How Your Credit Score is Really Calculated

You probably know that you have a credit score; for better or worse. But how is someone’s credit score really tabulated? The FICO score is the gold standard of credit scores, and there are some very specific criteria that are used to calculate your FICO credit score.

According to the people at FICO, the average U.S. credit score is 692. To put that average score in the proper context, a rock bottom score is just 300 while a perfect FICO credit score is 850. With all of that information in mind, the average consumer has a credit rating that is on par with a C+ grade, and that’s not good.

Here’s a quick breakdown of all the components involved in calculating a FICO credit score:

Payment History is 35 percent of your Credit Score

It comes as no surprise that payment history is the most important component of your credit rating. Whether or not you repay your debts on time is very important to lenders who may or may not approve your loan application. FICO allows lenders to know whether or not someone is a risk to lend to by making payment history the most heavily weighted metric of your overall credit score. FICO uses mortgages, credit cards, student loans and auto loans when they put this information together to calculate your score.

Credit Utilization is 30 percent of your Credit Score

Another important component of your credit score is figured on how you make use of the credit that you have. FICO looks at your spending history, and includes important aspects, like whether your cards are maxed out and how much of your total available credit you are currently using. Consumers who keep high balances on their cards are often viewed as being higher risk than those who keep balances low.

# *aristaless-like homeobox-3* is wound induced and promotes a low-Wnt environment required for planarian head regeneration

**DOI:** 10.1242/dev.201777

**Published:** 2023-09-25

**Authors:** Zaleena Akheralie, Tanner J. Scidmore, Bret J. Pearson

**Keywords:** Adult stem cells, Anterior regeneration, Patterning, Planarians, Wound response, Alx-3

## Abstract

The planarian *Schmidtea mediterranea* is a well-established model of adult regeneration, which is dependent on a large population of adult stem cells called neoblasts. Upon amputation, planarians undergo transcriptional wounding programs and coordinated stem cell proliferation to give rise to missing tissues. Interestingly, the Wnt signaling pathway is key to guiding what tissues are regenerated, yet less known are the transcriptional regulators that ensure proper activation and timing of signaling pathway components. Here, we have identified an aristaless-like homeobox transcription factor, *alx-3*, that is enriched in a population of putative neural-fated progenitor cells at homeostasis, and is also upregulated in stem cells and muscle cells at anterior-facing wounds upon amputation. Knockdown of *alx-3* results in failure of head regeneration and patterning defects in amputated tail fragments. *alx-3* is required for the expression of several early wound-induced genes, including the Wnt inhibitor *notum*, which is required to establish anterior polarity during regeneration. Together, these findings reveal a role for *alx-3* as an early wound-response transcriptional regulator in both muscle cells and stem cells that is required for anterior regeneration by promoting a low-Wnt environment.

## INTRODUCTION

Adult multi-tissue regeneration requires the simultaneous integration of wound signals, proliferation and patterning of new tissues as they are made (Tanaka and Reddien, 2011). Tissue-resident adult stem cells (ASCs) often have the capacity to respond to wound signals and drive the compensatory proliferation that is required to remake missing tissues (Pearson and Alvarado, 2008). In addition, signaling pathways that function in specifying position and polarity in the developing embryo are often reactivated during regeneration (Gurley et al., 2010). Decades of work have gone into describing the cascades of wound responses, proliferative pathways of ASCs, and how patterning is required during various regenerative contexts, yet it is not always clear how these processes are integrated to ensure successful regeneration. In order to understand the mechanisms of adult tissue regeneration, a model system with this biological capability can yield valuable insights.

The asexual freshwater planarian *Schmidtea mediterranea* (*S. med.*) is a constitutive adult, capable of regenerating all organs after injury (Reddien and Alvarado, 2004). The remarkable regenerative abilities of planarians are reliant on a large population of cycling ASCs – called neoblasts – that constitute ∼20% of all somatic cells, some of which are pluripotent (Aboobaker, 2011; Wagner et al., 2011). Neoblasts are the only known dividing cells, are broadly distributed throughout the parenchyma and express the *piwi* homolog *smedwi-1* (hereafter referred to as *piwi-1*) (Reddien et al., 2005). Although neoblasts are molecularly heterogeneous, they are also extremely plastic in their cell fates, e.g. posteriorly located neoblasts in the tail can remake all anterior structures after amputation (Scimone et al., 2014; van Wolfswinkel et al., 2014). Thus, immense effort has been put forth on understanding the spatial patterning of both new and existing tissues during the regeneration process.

Credit History Length is 15 percent of your Credit Score

Coming in next in the FICO credit score equation is the length of time that you’ve had your accounts open. FICO looks at the length of time accounts have been open along with the most recent activity on your accounts. To make a long story short, the accounts you’ve had open for the longest amount of time are important, but an account is useless to your score if you haven’t used it in years.

New Credit Card Accounts are 10 percent of your Credit Score

People have to build their credit scores by acquiring new cards and taking out new loans. FICO takes a look at how many hard credit inquiries (applications for new loans/lines of credit) you have had in the past. Hard inquiries can cause your score to take a hit, so avoid applying for new accounts when possible.
Credit Mix is 10 percent of your Credit Score

The last piece of the puzzle is the different types of accounts you have in your credit portfolio. As to what makes for a good mix, that is a little difficult to determine, as FICO has not been open about how this credit score component is determined. Suffice it to say that it is good to have a home loan, at least one credit card and possibly an auto loan on record to have a credit mix that will ultimately benefit your credit rating.

Now that you know all about the different components that FICO uses to calculate your credit score, you have the knowledge you need to walk the line and take the action necessary to get your credit score to a better place.